Interested in meeting with one of your lawmakers to talk about public lands issues? When there’s a local, state, or federal policy issue that you care about, one of the best ways to communicate with your elected officials is in person. But figuring out how to get a first meeting can be overwhelming. Here’s our quick guide to getting that meeting with your lawmaker:
- Remember that they want to hear from you. You elected your lawmakers and they want to stay in office. To do that, they have to know what their voters think. When you bring your issues and opinions to their door, it’s their job to listen.
- Identify the lawmaker that you want to meet with – your member of Congress, state representative, or local official. Almost all lawmakers have official websites with information on how to contact them.
- The best first step is to call the office and ask to speak to a scheduler to arrange a meeting with your lawmaker. Some local officials will hold regular “office hours” where they are available to meet with constituents. You can ask if your lawmaker is planning any open hours where you can meet with him or her.
- If you can’t arrange a meeting with a scheduler, you can also email your lawmakers – all your elected officials will have contact information, either through a contact form or their email, available.
- When you’re requesting a meeting, make sure you mention what you’re coming to discuss and any group you are a part of or represent. For instance, “I’m interested in setting up a meeting with Representative So-And-So. I’m the head of our town’s local paddling club, and I’d like to discuss the upcoming legislation on energy development north of Jones River.”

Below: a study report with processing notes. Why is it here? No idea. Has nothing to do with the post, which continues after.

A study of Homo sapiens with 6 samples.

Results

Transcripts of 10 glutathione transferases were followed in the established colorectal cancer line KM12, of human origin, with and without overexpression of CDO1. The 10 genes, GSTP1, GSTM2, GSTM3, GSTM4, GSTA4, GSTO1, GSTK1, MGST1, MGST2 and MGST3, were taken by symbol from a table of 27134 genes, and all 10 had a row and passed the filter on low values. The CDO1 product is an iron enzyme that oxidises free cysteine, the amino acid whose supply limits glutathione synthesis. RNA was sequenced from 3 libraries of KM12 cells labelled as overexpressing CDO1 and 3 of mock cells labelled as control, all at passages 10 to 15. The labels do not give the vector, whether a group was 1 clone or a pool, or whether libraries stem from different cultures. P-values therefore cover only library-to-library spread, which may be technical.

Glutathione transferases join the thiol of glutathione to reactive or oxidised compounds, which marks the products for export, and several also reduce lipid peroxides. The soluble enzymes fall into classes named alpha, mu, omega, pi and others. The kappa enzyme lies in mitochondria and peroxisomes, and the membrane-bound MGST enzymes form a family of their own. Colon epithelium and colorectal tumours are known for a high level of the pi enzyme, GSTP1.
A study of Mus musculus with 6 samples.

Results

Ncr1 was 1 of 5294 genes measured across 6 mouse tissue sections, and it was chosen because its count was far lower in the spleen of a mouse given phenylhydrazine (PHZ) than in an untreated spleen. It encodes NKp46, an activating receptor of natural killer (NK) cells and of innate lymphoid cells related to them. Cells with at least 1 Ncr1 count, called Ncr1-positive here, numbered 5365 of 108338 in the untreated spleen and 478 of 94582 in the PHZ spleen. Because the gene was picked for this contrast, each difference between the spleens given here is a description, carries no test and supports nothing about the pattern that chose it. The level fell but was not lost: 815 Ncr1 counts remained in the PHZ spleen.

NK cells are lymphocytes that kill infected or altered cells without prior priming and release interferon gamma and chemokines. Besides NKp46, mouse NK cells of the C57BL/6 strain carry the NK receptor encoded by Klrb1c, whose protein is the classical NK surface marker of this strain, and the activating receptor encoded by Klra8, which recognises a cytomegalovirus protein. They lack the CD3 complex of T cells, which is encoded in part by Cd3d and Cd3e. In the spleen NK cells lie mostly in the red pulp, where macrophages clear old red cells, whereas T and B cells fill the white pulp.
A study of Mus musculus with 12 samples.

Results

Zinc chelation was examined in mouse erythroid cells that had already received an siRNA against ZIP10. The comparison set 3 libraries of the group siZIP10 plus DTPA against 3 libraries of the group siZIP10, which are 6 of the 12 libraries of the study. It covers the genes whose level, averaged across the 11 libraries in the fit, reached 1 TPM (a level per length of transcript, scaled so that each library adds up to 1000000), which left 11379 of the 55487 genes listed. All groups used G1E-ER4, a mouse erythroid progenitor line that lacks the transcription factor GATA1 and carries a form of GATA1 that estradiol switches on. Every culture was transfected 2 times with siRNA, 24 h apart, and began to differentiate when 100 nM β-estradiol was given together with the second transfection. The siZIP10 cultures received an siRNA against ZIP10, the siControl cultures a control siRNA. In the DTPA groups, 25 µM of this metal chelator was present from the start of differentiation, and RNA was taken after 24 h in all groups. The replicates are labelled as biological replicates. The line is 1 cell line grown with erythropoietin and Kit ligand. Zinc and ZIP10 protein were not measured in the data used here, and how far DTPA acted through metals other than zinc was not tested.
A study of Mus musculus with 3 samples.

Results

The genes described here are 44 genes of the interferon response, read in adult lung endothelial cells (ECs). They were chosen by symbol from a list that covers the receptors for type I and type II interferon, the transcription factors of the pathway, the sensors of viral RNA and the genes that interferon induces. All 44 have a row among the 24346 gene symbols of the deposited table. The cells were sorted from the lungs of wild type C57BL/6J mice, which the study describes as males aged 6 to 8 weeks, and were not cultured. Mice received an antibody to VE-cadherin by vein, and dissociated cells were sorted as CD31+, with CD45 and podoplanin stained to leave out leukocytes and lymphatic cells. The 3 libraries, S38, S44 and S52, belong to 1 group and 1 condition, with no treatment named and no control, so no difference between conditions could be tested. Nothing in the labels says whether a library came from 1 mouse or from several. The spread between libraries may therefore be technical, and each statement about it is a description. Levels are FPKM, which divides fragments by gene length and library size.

- Once you’ve scheduled a meeting, make sure you follow up the day before to confirm the time, place, and who you’ll be meeting with. Often, you’ll meet with your lawmaker’s legislative director or a staff member.
- Arrive at your meeting well prepared. Bring talking points on the issue you want to discuss, and consider preparing a one-pager that you can leave behind (for more tips on messaging to your lawmaker, check out this post).
- Remember that personal stories are some of the most effective and persuasive ways you can communicate with your elected officials.
- Last, remember that any meeting with a lawmaker is just the first step for communicating your priorities on public lands issues. Make sure you follow up and stay in touch, especially if there are updates on the issue you’re concerned about.